Roe Pietropaula – was introduced to yoga in 2003 and was drawn to the poses, which reminded her of her love for dance and acrobatics from her youth. She completed her Certified Yoga Teacher Training in 2012. Working so close to death and dying as a hospice nurse, she realized how yoga philosophy tied into her beliefs about life and living and her own spirituality. Devoted to her neighborhood, she opened a non profit studio, Breathing Room Yoga and Wellness, to bring yoga to her friends and neighbors in Port Richmond. With the goal to create a space where any one can come and learn yoga, the studio has outgrown its original location and moved to a larger building. Her hope is that students, yoga teachers, and health practitioners will embrace our community and in turn, find some Breathing Room for themselves.
Albert Fung – I started practicing yoga in the summer of 2003, looking for a way to get into shape. And while that did happen, I found that the practice had shaken me. I am still shaking.
First, I was captured by the postures and sequences themselves. I was affected by the wisdom embedded in them. I was drawn to the energy of the teachers I met; I had not really known seekers of this kind before. They would have a lot to teach me, about postures and otherwise. Through Yoga’s teachings, I have come to face fears and find nuanced understandings of myself. In this process, I have come to heal and seek authenticity.
I practiced for many years at The Yoga Room in New York where I practiced predominantly the Vinyasa and Anusara styles. I have also practiced Iyengar, Ashtanga, Kundalini, and Bikram, among other styles, in New York and in Philadelphia. Today, my practice is centered on the Classical style.
Melissa Sharp Terrels – I walked into my first yoga class over 18 years ago to find people laying on the floor in balls (Child’s Pose). As a Type A never stopping athlete, I found this form of exercise seemingly ridiculous. By my way of thinking, unless I was moving fast, I wasn’t exercising. I bought a 10 class package so I stuck with it and eventually realized yoga was a perfect fit. My practice was physically challenging yet mind altering. As I slowly noticed my fast paced life slowing down, my life took off in a different direction, opening my world to a new sense of living. Yoga allowed me to flow through life, meeting obstacles with clarity and ease. I don’t know how it works but I have spent the last 10+ years educating myself in different schools trying to find out.
I completed a three-year Comprehensive Yoga Therapy Program at Yogalife Institute and have studied with many well-known and not so well-known teachers. My journey through Ashtanga, Anusara, Vinyasa, and many other “types” of yoga has taught me that yoga can’t be typecast. My classes are a functional blend of many styles, teaching students how to practice on the mat and live their yoga off the mat.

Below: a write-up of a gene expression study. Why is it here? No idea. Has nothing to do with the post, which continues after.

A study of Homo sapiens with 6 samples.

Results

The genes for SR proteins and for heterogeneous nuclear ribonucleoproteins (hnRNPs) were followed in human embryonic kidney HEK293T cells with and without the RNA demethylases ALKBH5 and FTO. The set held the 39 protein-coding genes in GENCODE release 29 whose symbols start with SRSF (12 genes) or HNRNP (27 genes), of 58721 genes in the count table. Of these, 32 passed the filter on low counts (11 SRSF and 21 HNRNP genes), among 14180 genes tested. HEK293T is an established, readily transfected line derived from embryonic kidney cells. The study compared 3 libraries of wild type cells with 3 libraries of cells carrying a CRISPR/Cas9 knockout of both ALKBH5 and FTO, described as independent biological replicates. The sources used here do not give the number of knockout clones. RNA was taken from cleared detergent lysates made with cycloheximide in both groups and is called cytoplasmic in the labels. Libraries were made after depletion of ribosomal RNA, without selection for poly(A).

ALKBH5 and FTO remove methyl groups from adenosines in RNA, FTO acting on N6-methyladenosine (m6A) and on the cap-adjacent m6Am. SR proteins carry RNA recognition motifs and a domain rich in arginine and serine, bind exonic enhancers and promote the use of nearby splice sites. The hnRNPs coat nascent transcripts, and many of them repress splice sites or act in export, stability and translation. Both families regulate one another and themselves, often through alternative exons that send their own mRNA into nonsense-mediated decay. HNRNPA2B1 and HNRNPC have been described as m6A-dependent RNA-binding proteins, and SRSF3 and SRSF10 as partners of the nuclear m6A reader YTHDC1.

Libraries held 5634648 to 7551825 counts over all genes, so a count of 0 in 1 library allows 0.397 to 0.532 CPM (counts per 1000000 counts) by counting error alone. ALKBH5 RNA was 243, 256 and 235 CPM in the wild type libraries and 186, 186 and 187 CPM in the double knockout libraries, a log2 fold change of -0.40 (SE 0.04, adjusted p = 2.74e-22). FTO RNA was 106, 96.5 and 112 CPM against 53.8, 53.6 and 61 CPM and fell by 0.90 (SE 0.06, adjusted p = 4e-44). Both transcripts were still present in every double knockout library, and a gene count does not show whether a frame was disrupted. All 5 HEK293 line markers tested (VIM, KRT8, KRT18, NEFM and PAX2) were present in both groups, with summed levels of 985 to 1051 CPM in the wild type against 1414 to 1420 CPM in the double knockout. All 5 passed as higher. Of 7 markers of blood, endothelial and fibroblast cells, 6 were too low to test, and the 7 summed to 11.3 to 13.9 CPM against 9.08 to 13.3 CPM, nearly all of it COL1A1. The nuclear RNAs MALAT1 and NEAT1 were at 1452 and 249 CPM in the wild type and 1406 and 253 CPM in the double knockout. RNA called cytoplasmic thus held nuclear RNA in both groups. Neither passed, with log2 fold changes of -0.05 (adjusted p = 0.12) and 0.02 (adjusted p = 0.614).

Meg Dixon – I first started practicing yoga in college, mostly at the encouragement of a friend, but soon discovered it was very helpful in coping with my daily stressors.
Fast forward six years later, when I am out of college, out of practice, and out of shape. Once again, I found myself encouraged to give yoga another try. I began practicing vinyasa flow in order to improve my general health, and as a supplement to other workouts, but found that it helped with other things as well – primarily my mental well-being. This new application of yoga inspired me to share it with others, especially those with whom I work on a daily basis, people struggling with mental illness.
In January of 2016, I completed a 200 hour teacher training course, focused in vinyasa flow, with the hopes that it could change the lives of those I already helped, as it had so drastically changed my own life. I love the experience of sharing what I have learned, almost as much as I love seeing the little daily transformations people make when they practice. Now, I look forward to every teaching opportunity that comes my way, whether it is in the mental health field, teaching at the studio, or just offering a little of my time and energy to those who need it.
Alex Mutt – My passion for the discipline of mind and body started at an early age. I was trained by and performed with the Pennsylvania Ballet School as a classical ballerina, and also studied violin throughout my youth. Yoga became a lifestyle that I shared with family and friends after starting my own practice in a friend’s basement. Yoga soon became an integral part of my life, keeping me centered, balanced, and focused between work and home. As a mother who always cared for others first, I began to understand the importance of taking care of myself daily and the benefits that follow from practicing yoga. My classes are infused with a mix of dance, breathing techniques, gentle dance movement sequences, and proper nutrition tips. I encourage students to develop a personal style that they can maintain throughout their life. My ultimate goal is to lead students to increased mindfulness, awareness, and consideration for themselves and others, both on and off the mat.
Pat Ciaramella – As a well-being enthusiast, Pat has studied various aspects of the Asian culture for over 30 years. She earned a black belt in Okinawan Karate, holds certificates in Tai Chi, a Reiki III Master, Vedic Conservatory, and certification from the Thai Healing Academy in Chang Mai, Thailand. Pat continues her education in Thai Yoga Bodywork education and offers sessions privately at The Breathing Room or in your home. You may contact Pat at her business email address Patthai_yoga@hotmail.com
What is Thai Yoga Bodywork?
A hands on Healing Art System which is based on the Asian medical model of working not only with muscles, bones, joints and tissue but also with the body’s energy system, called – Sen Lines.